We’ve all read headlines that highlight the soaring costs of attending college. Naturally, our clients are concerned about helping their children and grandchildren to cover this cost, and the rising costs only increase this concern. Planning ahead by using a 529 plan to save for college can be a great option, but navigating the financial aid landscape can be equally important. We came across the article below and wanted to share an excerpt because it is a very helpful guide.
Source: How Assets Hurt College Aid Eligibility on FAFSA and CSS Profile, Forbes 2/14/14
Two College Aid Forms: The FAFSA And CSS Profile
The process of applying for need-based financial aid for college begins by students and parents completing one or two financial aid forms, the FAFSA (Free Application for Federal Student Aid) and/or the CSS Profile. Any college or university that awards federal student aid must require that students complete the FAFSA in order to determine eligibility for federal aid (it works for most state aid too). Most colleges and universities nationwide use the FAFSA as their sole application for need-based financial aid. Students applying for aid at those colleges only need to complete the FAFSA. However, there are about 300 colleges, which require that the CSS Profile be completed in addition to the FAFSA. Those colleges use the CSS profile to assess the student’s eligibility for their own institutional aid dollars.
Typically, “Profile” colleges are very selective private colleges, including the Ivies, but the University of Michigan at Ann Arbor, Georgia Institute of Technology and the University of North Carolina at Chapel Hill are examples of flagship state universities that require the Profile, not just the FAFSA.
There is also a group of 26 colleges that make up what is known as the 568 Presidents’ Group, which was formed by the presidents of those institutions for the purpose of assessing students’ ability to pay for college using a “consensus” methodology. The 568 Presidents’ Group schools also require students to complete the CSS Profile, but they treat students’ assets and parents’ home equity different (more favorable to families) than the institutional methodology does. Thus, there are two financial aid forms but three methodologies of calculating a student’s expected family contribution (EFC).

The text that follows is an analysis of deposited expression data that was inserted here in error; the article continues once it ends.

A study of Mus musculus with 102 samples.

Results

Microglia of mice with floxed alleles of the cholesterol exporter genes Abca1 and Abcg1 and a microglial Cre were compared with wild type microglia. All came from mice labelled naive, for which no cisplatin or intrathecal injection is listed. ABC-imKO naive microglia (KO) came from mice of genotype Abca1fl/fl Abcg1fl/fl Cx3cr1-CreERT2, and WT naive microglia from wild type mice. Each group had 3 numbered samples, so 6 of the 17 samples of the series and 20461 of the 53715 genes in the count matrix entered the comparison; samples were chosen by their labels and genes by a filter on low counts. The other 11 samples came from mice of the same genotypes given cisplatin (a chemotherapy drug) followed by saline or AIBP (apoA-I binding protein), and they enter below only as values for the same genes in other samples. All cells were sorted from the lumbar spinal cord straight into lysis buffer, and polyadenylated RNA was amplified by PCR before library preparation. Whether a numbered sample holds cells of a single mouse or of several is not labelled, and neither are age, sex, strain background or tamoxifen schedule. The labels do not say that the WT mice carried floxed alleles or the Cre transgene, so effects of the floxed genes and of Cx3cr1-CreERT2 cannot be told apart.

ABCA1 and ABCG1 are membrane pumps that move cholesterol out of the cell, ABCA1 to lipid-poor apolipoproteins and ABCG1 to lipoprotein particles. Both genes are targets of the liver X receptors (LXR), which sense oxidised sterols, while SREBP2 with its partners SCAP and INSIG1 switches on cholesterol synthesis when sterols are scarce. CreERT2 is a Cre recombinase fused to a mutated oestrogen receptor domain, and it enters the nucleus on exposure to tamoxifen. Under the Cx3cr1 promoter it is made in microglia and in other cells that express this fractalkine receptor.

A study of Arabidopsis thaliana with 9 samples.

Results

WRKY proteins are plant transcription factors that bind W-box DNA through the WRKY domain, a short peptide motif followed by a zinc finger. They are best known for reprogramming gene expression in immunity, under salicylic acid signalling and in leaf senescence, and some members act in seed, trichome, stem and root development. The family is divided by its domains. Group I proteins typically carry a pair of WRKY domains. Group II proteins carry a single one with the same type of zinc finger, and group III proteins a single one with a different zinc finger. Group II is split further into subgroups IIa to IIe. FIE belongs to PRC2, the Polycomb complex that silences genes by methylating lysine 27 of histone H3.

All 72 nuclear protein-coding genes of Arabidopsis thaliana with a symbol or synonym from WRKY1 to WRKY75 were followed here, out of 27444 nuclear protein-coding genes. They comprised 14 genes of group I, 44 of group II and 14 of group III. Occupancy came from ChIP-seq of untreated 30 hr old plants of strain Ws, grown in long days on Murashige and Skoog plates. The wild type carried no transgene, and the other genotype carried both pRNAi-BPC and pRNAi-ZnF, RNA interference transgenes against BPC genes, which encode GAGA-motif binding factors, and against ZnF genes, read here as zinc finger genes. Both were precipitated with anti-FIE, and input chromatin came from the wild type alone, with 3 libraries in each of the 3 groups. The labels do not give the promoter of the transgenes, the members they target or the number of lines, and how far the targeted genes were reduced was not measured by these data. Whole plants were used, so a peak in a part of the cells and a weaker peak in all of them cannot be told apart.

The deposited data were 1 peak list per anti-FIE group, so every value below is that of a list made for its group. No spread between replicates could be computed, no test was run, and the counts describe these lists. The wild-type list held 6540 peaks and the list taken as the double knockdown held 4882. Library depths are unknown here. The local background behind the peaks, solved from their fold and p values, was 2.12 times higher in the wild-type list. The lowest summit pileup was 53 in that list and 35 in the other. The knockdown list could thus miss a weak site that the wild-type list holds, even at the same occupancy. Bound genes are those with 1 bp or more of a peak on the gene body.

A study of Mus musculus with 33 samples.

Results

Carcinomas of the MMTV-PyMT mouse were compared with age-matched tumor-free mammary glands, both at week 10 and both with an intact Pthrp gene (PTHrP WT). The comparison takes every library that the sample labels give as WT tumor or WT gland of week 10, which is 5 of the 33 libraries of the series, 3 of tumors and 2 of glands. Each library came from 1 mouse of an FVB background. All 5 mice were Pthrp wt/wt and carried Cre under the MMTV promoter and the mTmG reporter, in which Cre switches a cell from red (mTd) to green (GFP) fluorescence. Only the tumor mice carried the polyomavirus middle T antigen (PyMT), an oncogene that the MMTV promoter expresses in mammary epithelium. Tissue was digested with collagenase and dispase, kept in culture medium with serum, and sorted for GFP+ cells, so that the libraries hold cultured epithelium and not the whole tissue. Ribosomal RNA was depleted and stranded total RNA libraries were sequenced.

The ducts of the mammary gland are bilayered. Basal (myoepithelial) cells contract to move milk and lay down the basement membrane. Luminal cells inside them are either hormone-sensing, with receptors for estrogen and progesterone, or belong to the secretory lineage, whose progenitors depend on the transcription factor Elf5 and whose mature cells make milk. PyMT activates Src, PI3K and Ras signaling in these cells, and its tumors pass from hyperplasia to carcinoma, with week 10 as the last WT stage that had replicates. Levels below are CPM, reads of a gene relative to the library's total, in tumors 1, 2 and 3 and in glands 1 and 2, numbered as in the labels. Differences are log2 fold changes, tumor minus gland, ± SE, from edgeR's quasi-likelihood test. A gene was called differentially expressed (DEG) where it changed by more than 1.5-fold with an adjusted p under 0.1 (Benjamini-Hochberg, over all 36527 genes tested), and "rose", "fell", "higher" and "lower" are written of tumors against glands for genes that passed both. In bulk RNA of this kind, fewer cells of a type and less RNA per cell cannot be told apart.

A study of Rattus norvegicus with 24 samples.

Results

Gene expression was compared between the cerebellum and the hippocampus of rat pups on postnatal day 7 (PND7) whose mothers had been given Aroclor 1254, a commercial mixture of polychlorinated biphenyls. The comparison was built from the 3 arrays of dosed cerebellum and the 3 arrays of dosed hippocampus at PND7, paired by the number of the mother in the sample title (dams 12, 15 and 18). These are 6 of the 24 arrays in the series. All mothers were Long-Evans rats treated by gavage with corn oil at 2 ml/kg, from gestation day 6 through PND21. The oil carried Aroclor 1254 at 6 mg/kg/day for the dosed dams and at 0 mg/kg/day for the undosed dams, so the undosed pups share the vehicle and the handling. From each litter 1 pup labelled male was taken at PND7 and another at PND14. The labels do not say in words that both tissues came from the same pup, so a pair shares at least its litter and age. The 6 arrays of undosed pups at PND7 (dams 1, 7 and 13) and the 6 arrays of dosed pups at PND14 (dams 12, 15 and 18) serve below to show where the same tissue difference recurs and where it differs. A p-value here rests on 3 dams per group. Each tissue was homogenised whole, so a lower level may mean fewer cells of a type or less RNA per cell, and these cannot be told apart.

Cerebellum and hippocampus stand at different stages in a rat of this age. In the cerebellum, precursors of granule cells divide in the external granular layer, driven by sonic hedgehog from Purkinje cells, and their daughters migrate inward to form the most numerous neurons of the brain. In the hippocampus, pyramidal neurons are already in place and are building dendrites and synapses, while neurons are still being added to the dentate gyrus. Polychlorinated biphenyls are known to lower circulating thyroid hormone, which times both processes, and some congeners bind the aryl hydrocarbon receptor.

Three College Aid Formulas
Need-based aid eligibility is based on the formula (Cost of attendance – Expected Family Contribution (EFC) = Need). Expected family contribution (EFC) is the minimum amount the family is expected to contribute toward the cost of college and is calculated using three different methods: Federal Methodology (FM), Institutional Methodology (IM) and Consensus Methodology (CM). All three EFC calculations are based on the income and assets of the parents and student as reported on the two financial aid forms, the FAFSA (FM) and the CSS Profile (IM and CM).
Which Assets Count
Retirement assets such as 401k, 403b, IRAs, SEP, SIMPLE, Keogh, profit sharing, pensions and Roth IRAs are not included in the calculation of EFC under any of the three EFC methodologies. Assets that aren’t in retirement accounts — balances in checking, savings, CDs, brokerage accounts, money market, investment real estate, stocks, bonds, mutual funds, ETFs, commodities and 529 college savings and prepaid plans—do get included in the EFC formulas. Trust funds must be reported regardless of whether or not the funds are currently available to you or your child. On the FAFSA, if only interest or principal will be available, the present value should be calculated by the trust officer and reported accordingly.
Parents’ total reportable assets will vary depending upon the EFC methodology, and from the reportable asset value, a savings (emergency reserve) allowance of about $30,000 to $50,000 is subtracted to arrive at an available asset value. Parents are expected to use up to 5.64% (Federal) and 5% (Institutional and Consensus), of those available assets each year in college. Family-controlled small businesses with fewer than 100 full-time employees, home equity and non-qualified annuities are not counted in the FM, but they are in the IM and CM, although, under the CM home equity is capped at 1.2 times the parent’s adjusted gross income.
Retirement assets do not get counted, but your prior year’s contributions to qualified retirement accounts do get counted as untaxed income, and are added back to your adjusted gross income in the income portion of the aid formula. Life insurance cash values are not counted under any of the formulas, but a few highly selective colleges will ask about policy cash values in their supplemental questions on the CSS Profile. Personal assets like cars, clothes and household items do not count under any of the formulas, but collectibles do.